The Magicians of the Football League


Unfortunately, I was one of the many bewildered Chelsea fans present at Stamford Bridge on Saturday. Despite the crushing sense of defeat that derives from watching your team lose on any occasion, particularly when you’re 2-0 up at home against a team battling for the League One play-offs, I couldn’t help but feel that I had witnessed something quite special.


Manchester City, the other half of the Premier League top two and current champions, also crashed out after failing to score against lower league opposition at their own ground. The magic of the cup, I suppose. But what does this all mean for English Football and its most prestigious cup competition?


Mourinho is faced with important commitments in the Capital One Cup against Liverpool and the potential title decider with City this week. The FA Cup took a backseat.

There is, of course, a positive flip side to all of this. That being the huge significance that this competition has for the lower league sides. The euphoric scenes at the final whistle at Cambridge on Friday night show just how much the replay at Old Trafford means to the club, and you can be sure that their efforts won’t go unrewarded. Multiple statistics have been flying around in the aftermath of the result, with the most staggering being that the club’s annual wage bill is somewhere around £1.6m and they will earn a minimum of £1.7m from the replay, win or lose.


Saying this, though, does not do justice to the quality of the Football League. There is an outright underestimation of teams outside the top tier. Let’s not take anything away from the victors of the weekend. From what I was watching, Bradford played absolutely superbly. Boro could’ve had more.

The competition for places in the Football League allows for a smaller gap in quality between divisions. For example, Brentford have only just come up from League One to the Championship, yet they appear to be challenging for promotion to the Premier League immediately.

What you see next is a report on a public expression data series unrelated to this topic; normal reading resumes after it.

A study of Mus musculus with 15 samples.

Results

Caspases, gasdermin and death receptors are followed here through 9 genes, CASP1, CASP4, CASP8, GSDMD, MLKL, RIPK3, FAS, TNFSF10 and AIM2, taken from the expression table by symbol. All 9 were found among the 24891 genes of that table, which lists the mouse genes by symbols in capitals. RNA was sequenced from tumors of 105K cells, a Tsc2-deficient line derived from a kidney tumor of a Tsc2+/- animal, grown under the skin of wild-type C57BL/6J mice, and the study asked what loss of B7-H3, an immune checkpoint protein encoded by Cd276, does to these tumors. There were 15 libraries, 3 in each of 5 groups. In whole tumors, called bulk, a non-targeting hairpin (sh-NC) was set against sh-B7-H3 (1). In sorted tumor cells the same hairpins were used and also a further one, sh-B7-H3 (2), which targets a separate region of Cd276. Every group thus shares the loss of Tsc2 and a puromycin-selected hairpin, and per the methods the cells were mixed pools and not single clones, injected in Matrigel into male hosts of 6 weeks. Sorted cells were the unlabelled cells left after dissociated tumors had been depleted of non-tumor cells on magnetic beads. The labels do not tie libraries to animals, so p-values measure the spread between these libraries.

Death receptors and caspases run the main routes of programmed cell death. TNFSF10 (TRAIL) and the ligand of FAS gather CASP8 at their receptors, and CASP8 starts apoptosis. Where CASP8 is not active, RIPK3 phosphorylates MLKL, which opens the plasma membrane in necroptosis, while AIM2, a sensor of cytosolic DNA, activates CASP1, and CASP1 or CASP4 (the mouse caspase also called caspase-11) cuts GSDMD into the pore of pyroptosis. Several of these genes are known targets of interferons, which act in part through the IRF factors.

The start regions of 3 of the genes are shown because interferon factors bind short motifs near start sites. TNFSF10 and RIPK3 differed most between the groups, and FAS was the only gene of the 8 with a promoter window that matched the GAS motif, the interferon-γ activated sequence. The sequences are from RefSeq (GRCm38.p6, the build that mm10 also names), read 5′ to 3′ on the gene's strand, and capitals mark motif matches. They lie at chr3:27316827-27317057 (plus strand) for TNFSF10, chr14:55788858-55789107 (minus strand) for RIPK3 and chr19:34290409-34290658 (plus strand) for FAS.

The simple fact that cup upsets are possible is a credit to English football and the quality of every team in the Football League. The performances of City, Arsenal, and Chelsea in Europe offer the assurance that the quality of our top clubs isn’t a cause for concern, but it is the potentially unattributed and unexpected quality of the Football League that helps leave domestic football in a very healthy position. After all, everyone loves a victorious underdog. It’s precisely what makes the FA Cup so special.

The seemingly increasing lack of interest shown by the bigger clubs combines with the growing significance of the competition for lower league clubs and the underestimation of their quality to make the FA Cup more magical than ever. As Chelsea and City continue to spend more and more money, the weight of expectation approaching these ties grows ever more, making the upsets even greater.

Put it this way, Bradford beating Chelsea at Stamford Bridge is even more special than it perhaps would’ve been three years ago. Maybe, given the apparent distribution of interest in the competition across the different leagues, these upsets are also more likely to occur and we can look forward to many more to come.